Hugo Chavez, Venezuelan President

I read an interesting article titled, The Man Who Controls Venezuela. Hugo Chavez, when campaigning to be the Venezuelan president in November of 1998, had an interesting way of running for presidency. He stood in front of the television cameras and cracked a whip in a fury. "This is what I am going to do to my opponents!" Now a well-known figure in politics, one unique program known as Chavez's Barrio Adento program, has aided his economy by bringing in thousands of Cuban doctors to Venezuela in exchange for oil. The goal of bringing healthcare to the needy is not confined to his government alone. Although, maybe a little eccentric in his ways, he seems to be producing positive results for the Venezuelan economy.


Seth said...

The article Zoe linked says nothing about the economic progress of Venezuela. It does mention Chavez bring in Cuban doctors in exchange for oil but most of the economic content has to do with firing government oil workers and arbitrarily give jobs to people that call his show.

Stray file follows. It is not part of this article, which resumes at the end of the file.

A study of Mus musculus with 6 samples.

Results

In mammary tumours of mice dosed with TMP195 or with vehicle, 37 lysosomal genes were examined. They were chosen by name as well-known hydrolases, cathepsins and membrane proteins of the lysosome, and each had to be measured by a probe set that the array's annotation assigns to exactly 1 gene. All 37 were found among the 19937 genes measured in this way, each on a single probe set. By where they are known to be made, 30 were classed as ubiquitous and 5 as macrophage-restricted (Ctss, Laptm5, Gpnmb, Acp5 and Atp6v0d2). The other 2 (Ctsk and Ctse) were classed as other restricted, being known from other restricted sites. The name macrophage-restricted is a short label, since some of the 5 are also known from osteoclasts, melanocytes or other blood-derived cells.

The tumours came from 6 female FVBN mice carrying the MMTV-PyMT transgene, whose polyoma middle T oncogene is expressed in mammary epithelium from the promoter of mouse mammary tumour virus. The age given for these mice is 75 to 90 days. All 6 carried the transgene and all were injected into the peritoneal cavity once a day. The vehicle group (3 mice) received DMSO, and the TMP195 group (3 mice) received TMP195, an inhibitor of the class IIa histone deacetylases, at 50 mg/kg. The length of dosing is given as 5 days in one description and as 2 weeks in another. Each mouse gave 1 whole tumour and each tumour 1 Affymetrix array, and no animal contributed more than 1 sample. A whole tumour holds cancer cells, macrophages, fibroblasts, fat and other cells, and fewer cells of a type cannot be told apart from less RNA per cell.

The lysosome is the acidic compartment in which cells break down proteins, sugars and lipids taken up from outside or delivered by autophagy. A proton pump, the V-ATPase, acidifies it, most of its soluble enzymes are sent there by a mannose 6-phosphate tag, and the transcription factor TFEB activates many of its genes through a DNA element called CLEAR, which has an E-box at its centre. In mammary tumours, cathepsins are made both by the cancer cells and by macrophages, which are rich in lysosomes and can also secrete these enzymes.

Like most dictators, Chavez uses a stick to force people to behave. Mussolini made the trains run on time and Trujillo keep the streets of Santo Domingo clean.
From an economic standpoint the question is whether centralization is as efficient and decentralization. The history of centralized economies shows that it generally is not. My feeling is that Chavez’s decision are not economically efficient and that he is every bit the loose cannon that he accuses President Bush of being.

Dr. Tufte said...

-1 on Seth's comment for multiple errors.

I could jump all over this issue, but let me try and be as straightforward and unemotional as possible.

Is it a good sign when people or countries have to barter? Usually not - but that is what Venezueala and Cuba are doing.